Modeling Insights into Haemophilus influenzae Type b Disease, Transmission, and Vaccine Programs - Vol. 18 No. 1 - January 2012 - Emerging Infectious Disease journal - CDC
Volume 18, Number 1—January 2012
Modeling Insights into Haemophilus influenzae Type b Disease, Transmission, and Vaccine Programs
Suggested citation for this article
Routine use of Haemophilus influenzae type b (Hib) conjugate vaccines has dramatically reduced the incidence of Hib disease in children <5 years of age in numerous populations (1–4). Vaccination programs have also led to herd immunity through reduced Hib transmission, as shown by declines in the prevalence of oropharyngeal Hib colonization among vaccinated children and unvaccinated children and adults (2,4–6). However, even successful vaccination programs have not eliminated Hib colonization (7,8). Thus, the continued success of Hib control programs depends on maintaining age-appropriate Hib vaccine coverage. Such coverage can, however, be threatened by changes in vaccine supply, as indicated by the 2007–2009 Hib vaccine shortage in the United States (9,10).
AbstractIn response to the 2007–2009 Haemophilus influenzae type b (Hib) vaccine shortage in the United States, we developed a flexible model of Hib transmission and disease for optimizing Hib vaccine programs in diverse populations and situations. The model classifies population members by age, colonization/disease status, and antibody levels, with movement across categories defined by differential equations. We implemented the model for the United States as a whole, England and Wales, and the Alaska Native population. This model accurately simulated Hib incidence in all 3 populations, including the increased incidence in England/Wales beginning in 1999 and the change in Hib incidence in Alaska Natives after switching Hib vaccines in 1996. The model suggests that a vaccine shortage requiring deferral of the booster dose could last 3 years in the United States before loss of herd immunity would result in increasing rates of invasive Hib disease in children <5 years of age.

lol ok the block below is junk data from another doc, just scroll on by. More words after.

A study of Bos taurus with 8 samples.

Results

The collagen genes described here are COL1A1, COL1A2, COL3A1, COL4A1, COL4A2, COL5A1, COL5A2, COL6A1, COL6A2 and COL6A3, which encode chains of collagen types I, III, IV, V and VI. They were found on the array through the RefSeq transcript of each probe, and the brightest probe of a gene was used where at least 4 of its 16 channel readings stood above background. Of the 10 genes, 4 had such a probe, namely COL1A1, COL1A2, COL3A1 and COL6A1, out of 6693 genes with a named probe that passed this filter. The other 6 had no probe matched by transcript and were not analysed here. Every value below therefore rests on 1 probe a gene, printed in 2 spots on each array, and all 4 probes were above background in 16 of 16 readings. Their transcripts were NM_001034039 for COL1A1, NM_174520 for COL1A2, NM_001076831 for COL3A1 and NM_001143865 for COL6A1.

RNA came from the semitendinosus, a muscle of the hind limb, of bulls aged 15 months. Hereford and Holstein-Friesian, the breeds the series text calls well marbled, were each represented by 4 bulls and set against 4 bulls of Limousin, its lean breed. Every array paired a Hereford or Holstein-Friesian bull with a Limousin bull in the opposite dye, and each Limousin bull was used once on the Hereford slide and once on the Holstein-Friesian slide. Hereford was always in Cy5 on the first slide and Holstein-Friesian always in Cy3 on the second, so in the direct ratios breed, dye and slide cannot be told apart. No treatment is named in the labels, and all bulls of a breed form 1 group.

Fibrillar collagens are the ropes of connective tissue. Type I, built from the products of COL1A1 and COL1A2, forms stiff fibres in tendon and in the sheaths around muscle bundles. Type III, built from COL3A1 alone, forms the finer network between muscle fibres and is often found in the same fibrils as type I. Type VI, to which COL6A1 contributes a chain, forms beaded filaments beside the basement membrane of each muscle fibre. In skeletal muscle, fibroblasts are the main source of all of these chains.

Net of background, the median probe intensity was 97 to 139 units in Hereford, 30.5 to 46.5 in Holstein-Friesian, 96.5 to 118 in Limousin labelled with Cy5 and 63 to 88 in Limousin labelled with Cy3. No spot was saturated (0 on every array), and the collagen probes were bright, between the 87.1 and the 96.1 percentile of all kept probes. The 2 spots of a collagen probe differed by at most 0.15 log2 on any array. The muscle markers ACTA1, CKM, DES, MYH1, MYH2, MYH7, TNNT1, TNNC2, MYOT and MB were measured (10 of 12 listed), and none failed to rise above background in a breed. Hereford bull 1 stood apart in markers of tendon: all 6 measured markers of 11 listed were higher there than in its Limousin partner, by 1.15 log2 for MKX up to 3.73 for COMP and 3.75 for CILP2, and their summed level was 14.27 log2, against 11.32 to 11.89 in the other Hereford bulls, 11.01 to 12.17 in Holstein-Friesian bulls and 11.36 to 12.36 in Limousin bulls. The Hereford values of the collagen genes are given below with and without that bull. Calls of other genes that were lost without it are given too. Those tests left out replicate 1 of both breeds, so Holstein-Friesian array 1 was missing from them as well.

To manage that shortage, the Centers for Disease Control and Prevention and partner organizations recommended that providers defer giving the 12–15-month booster dose to all children except those at high risk for invasive Hib disease (9). This recommendation was based on expert opinion about the predicted effects of a shortage initially expected to last <9 months (9). When it became clear that the shortage would last longer, we sought to develop a model of Hib transmission and disease to predict the effects of continued booster dose deferral and to guide vaccine policy. Such a model could also be useful for optimizing the introduction of Hib vaccines into new populations. Furthermore, it could provide insights into the dynamics of Hib transmission and colonization, which would inform the uncertainty over the types of Hib vaccines that are most appropriate for populations at high risk for invasive Hib disease, such as Alaska Natives (11). We present the model and show its application to various populations and vaccination scenarios.